South African Miners Suffer from Mesothelioma and Other Asbestos Diseases

Cape Town Doctor Recommends Regular Screening for Asbestos Diseases

CAPE TOWN, SOUTH AFRICA—March 5, 2004—The rate of mesothelioma and other asbestos diseases among former asbestos miners is alarming, and requires emergency measures, according to Dr. Fritz Odendaal (Business Report, South Africa, February 28, 2004). Once a physician for the Griqualand Exploration and Finance Company (Gefco), Dr. Odendaal is now in private practice. Gefco's asbestos mine in Cape Town closed almost ten years ago.

Last year, Dr. Odendaal saw 984 patients with asbestos diseases, including six with mesothelioma. Most had been employed in the mines, although some may have been exposed to asbestos dust brought home on the work clothes of their spouses. He recommends health screenings for miners and their families. Transportation from remote villages to medical clinics is scarce and expensive, and workers are not being screened for respiratory problems on a regular basis, Dr. Odendaal reports. Since asbestos diseases take anywhere from ten years to 40 years or more to develop, these workers may not understand that they could become ill. He called on the Asbestos Relief Trust, the result of an out–of–court settlement last year with Gefco's holding company, Gencor, to pay for the mass screenings. Presumably transportation or home visits would need to be included in such a plan, as well as medical care.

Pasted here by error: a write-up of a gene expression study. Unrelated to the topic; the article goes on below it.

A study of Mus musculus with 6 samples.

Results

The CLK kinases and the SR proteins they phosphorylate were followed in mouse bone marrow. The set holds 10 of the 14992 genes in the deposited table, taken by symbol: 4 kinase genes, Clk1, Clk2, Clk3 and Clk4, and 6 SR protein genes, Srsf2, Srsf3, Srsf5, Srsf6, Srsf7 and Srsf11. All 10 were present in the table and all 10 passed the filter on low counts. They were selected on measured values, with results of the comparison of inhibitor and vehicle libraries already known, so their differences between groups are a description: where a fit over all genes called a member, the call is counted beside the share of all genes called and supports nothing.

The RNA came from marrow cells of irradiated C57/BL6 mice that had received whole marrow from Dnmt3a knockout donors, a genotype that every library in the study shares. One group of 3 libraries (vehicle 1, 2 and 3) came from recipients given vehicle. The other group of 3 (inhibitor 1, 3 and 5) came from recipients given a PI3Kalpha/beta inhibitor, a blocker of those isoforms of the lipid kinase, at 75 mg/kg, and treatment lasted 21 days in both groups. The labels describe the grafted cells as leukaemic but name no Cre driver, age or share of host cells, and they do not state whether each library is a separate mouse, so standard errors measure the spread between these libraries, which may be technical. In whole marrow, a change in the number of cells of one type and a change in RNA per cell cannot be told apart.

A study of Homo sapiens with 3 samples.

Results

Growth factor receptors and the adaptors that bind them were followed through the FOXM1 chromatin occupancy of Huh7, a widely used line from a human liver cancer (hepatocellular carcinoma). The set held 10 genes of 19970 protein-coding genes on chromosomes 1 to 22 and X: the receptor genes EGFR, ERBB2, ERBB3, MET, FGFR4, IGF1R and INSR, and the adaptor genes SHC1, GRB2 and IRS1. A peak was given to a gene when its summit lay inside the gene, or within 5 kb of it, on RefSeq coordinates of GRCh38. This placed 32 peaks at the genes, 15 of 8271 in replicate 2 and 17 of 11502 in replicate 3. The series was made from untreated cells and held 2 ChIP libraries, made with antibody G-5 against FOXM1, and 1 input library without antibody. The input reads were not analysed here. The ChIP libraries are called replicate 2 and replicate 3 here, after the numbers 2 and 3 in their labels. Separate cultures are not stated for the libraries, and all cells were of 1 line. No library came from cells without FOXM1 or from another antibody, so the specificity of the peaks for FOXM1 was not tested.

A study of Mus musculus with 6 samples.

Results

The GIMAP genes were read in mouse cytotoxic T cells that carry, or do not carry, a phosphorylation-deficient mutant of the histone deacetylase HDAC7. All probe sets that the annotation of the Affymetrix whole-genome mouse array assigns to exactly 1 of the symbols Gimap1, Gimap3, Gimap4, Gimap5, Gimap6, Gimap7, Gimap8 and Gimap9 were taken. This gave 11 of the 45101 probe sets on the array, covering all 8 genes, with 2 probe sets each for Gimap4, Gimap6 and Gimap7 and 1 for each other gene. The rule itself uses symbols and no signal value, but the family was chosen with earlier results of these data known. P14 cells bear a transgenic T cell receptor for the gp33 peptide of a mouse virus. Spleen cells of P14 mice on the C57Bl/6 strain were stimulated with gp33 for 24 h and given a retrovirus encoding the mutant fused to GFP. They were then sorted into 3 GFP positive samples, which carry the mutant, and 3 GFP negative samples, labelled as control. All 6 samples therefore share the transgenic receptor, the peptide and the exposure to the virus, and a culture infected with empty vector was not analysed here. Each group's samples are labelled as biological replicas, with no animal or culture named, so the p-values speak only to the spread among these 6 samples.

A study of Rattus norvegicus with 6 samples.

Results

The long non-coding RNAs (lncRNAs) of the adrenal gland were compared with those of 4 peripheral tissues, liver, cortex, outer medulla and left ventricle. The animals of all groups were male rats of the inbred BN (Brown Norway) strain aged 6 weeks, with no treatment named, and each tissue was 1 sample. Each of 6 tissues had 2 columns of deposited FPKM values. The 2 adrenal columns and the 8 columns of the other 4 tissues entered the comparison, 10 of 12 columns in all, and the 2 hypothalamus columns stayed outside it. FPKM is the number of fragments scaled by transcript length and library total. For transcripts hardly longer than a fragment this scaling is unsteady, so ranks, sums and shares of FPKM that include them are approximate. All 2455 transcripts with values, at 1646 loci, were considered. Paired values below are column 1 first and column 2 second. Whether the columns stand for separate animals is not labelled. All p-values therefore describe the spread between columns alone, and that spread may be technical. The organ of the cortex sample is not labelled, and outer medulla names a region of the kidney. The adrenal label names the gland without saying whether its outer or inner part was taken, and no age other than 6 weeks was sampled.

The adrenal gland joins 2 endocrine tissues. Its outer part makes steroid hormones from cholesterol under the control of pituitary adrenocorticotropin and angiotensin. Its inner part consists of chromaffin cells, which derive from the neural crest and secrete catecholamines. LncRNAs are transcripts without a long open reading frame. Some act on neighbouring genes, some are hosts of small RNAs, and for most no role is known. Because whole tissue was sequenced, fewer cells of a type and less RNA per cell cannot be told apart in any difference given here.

Asbestos Production Around the World

Because of the risks caused by asbestos exposure, South Africa is now considering a ban on asbestos products in the construction industry, according to one report (Zimbabwe Independent, February 27, 2004). Everite, a South African building product manufacturer, has begun making cement building products that do not contain asbestos. However, last year South Africa was one of nine countries that voted against a global ban on chrysotile asbestos exports. The other countries were Canada, Russia, Ukraine, China, Zimbabwe, India, Indonesia, and Colombia (see Global Plan to Limit Asbestos Exports Blocked). Not surprisingly, these are countries that still rely heavily onasbestos manufacturing.

Although the United States did not act to block the proposed worldwide asbestos ban, the country failed to pass 2003 legislation to ban asbestos within its own borders. Sadly, efforts are currently underway to revive a federal bill, S.B. 1125, that would severely limit the rights of asbestos victims. S.B. 1125 would set up a trust fund that provides inadequate compensation for those with asbestos diseases, while depriving them of access to the court system. It also would create a new bureaucracy that could force asbestos victims to endure long waits to receive payment for their injuries. Although the measure is opposed by labor unions and many Democrats, Sens. Orrin Hatch and Bill Frist hope to put S.B. 1125 before the Senate by the end of March.

Since 1984, Brayton Purcell has been an advocate for the legal rights of asbestos victims. If you or a family member has developed asbestosis, mesothelioma, or another asbestos disease, please feel free to contact our mesothelioma attorneys to learn about your legal options.